For $69,000, Would You Make History With This Uber Rare 2003 Renault Clio V6?

Nice Price Or Crack PipeIs this used car a good deal? You decide!

In Greek mythology, Clio was the muse of history. Today’s Nice Price or Crack Pipe Clio V6 is historically significant, but you’ll still need to decide just how amusing its price proves to be.

If a Beetle had six cylinders, could it be considered a Porsche? Such an intriguing abstraction was not applied to last Friday’s 2000 New Beetle, despite its sporting of a sonorous VR6 mill, and in full knowledge of the fact that there are plenty of front-engine Porsche models around these days.


While perhaps not Porsche-caliber, a VR6 Beetle does seem something that should have been, but sadly, even at $3,500, that hand crafted one didn’t make the grade and it fell in a 64 percent Crack Pipe loss.

Small cars with potent V6 engines have long been something we like. Making the switcheroo from FWD to mid-engine RWD as well is just icing on the cake, and we all like cake, right?

Here we have a car that does all that—a 2003 Renault Clio V6 Renault Sport. The Clio V6 harkens back to the R5 Turbo of a generation prior, and benefits from its being even more rare.


The hot Clio was built in two “phases” over the course of its five model years. That started with the 230 from 2001 to 2003 and then wrapped up with the 255 from 2003 to ’05. The 230, as represented here, was built by Tom Walkinshaw Racing, while the second gen was put together in-house at Renault’s Dieppe factory. About 2,800 cars were constructed across both phases of the loon.


The Miami Florida-based seller of this Clio V6 claims it to be the the only one in the U.S.. That would make it one 1 in 2,800, which I guess are pretty good odds.

That seller also says that the car came over in 2010 as part of a shipment of forbidden fruit exotic fare, and was originally registered in La Habra, California.


Now, I’ve been to La Habra. I have friends in La Habra. I’m pretty sure it’s not some sort of magical bubble within the State—a sanctuary city as it were—for noncompliant cars. In fact, if you were to import a newish vehicle to the U.S., La Habra, or in fact anywhere in California, would likely  be the last place you’d want to take it.


Oh sure, it’s possible to make forbidden fruit palatable in the Golden State, it just requires a Bureau of Automotive Repair (BAR) sticker stating that its engine has been brought within California’s strict emissions output standards. That however is balls-deep expensive to obtain, and I don’t see any indication that this Clio has run the gauntlet.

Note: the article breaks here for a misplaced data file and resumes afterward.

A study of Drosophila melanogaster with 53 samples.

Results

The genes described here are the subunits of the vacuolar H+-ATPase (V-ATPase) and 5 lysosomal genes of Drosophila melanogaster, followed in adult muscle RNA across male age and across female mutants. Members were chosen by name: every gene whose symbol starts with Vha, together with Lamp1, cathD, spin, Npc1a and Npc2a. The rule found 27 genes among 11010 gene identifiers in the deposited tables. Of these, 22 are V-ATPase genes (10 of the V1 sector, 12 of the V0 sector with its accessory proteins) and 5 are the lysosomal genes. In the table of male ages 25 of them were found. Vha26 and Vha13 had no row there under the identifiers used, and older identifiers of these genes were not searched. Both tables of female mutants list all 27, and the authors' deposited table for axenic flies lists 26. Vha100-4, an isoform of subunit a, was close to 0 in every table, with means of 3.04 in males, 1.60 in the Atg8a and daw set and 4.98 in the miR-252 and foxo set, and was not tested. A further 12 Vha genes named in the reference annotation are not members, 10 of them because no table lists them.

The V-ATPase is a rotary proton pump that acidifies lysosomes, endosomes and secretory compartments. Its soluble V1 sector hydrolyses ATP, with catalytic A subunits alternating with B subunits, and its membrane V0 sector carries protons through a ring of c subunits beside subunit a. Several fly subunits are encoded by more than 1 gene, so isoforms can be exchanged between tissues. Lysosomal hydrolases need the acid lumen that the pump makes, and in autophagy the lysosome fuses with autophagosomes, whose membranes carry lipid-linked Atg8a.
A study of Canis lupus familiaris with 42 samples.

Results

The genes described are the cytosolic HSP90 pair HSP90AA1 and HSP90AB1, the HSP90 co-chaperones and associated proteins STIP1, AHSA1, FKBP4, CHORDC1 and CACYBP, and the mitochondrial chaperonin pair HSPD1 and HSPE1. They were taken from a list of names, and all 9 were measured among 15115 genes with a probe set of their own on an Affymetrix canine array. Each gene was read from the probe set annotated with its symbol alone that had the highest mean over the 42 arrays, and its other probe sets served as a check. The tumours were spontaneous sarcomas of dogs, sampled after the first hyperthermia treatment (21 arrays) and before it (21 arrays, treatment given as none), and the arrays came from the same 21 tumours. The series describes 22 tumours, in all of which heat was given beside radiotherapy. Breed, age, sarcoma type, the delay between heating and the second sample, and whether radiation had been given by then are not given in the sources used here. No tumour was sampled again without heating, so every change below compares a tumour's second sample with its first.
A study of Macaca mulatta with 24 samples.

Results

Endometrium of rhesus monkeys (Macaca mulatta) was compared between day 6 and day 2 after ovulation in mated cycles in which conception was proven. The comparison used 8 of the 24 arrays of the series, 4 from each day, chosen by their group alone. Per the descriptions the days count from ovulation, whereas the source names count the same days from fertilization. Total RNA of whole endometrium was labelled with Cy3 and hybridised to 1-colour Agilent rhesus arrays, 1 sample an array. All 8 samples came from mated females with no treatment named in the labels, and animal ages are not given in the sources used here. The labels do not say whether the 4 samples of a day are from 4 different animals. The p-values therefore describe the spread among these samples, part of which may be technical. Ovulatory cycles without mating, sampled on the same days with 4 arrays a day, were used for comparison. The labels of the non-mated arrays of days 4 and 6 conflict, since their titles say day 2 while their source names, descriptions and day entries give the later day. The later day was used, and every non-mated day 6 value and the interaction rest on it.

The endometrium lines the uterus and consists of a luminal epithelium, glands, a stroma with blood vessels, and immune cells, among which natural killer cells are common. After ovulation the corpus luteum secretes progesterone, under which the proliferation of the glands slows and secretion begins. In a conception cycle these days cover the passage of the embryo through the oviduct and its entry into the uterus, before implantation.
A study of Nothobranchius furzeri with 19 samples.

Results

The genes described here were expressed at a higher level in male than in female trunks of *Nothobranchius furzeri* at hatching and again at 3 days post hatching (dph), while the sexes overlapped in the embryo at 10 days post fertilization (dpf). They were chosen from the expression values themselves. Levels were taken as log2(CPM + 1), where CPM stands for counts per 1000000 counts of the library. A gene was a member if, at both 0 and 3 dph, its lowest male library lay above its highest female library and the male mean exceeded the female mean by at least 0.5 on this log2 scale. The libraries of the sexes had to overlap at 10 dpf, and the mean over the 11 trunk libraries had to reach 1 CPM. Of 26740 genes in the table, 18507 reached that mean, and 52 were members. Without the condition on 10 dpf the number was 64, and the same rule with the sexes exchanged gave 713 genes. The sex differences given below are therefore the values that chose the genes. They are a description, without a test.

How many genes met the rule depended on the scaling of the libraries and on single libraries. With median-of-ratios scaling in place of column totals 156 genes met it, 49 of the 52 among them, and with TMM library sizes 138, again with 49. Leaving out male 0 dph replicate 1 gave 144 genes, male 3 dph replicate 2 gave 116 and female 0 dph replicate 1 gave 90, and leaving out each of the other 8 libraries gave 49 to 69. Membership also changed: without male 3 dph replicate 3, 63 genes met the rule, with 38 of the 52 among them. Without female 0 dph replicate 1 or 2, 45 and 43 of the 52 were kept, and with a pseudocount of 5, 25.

The seller explains that the car now sports a Florida registration and from what I understand, everyone in Florida is crazy and you could register your grandma in the state and start renting her out to Uber. “Come on Granny, you’re going to the airport!


Whatever the legality here, and the thrilling anticipation that at any moment your major investment might be turned into a cube and you into a prison bitch, there’s something alluring about having the only one of something, unless it’s an incurable disease of course.


The Clio V6 has some bonafides of its own to charm. First off, there’s the 227 horsepower ESL V6 engine that sits just over your shoulder. That’s 2,946 ccs of DOHC, 24V fun. The Phase 2 cars made even more—255 ponies—by way of some Porsche magic, which helped to overcome the car’s somewhat hefty ton and a half of ballast.

The engine and six-speed transaxle sit sideways just ahead of the rear axle line. Widened bodywork covers the fat tires and extended track, while various scoops, extractors, and aero aides work to ensure that no one will ever mistake this Clio for one of its lessor progenitors.


You wouldn’t make that mistake here in the States since no manner of Clio was ever offered here, Renault having pulled out of America in 1987. That was a good four years before the Clio made its European debut.


This one’s apparently here, and according to the dealer in possession, it’s “[c]osmetically near perfect.” The car comes with 18,000 (miles? kilometers?) on the clock, and an interior that looks fab and suffers only from some issues with “sticky switches,” whatever that might mean.

New Michelin Pilots fill the fat fenders and aftermarket coilovers ensure your drifter friends will like the car too. The ad claims that several hundred miles have been put on the car by the dealer during which time the drivetrain functioned as intended.


How much for so rare a bird here or anywhere? The asking is a cool $69,000. That will get you any number of better performing and easier to service cars, trucks, or celebrity dates, but very few with the WTF factor this Clio carries.

What’s your take on this V6 Clio and that $69,000 price? Does that seem like a fair deal to go down in history? Or, would paying that much make you feel like you were just going down?


You decide!


Miami, FL Craigslist, or go here if the ad disappears.

H/T to Bigbooster for the hookup!


Rob Emslie

Rob Emslie is a contributing writer for Jalopnik. He has too many cars, and not enough time to work on them all.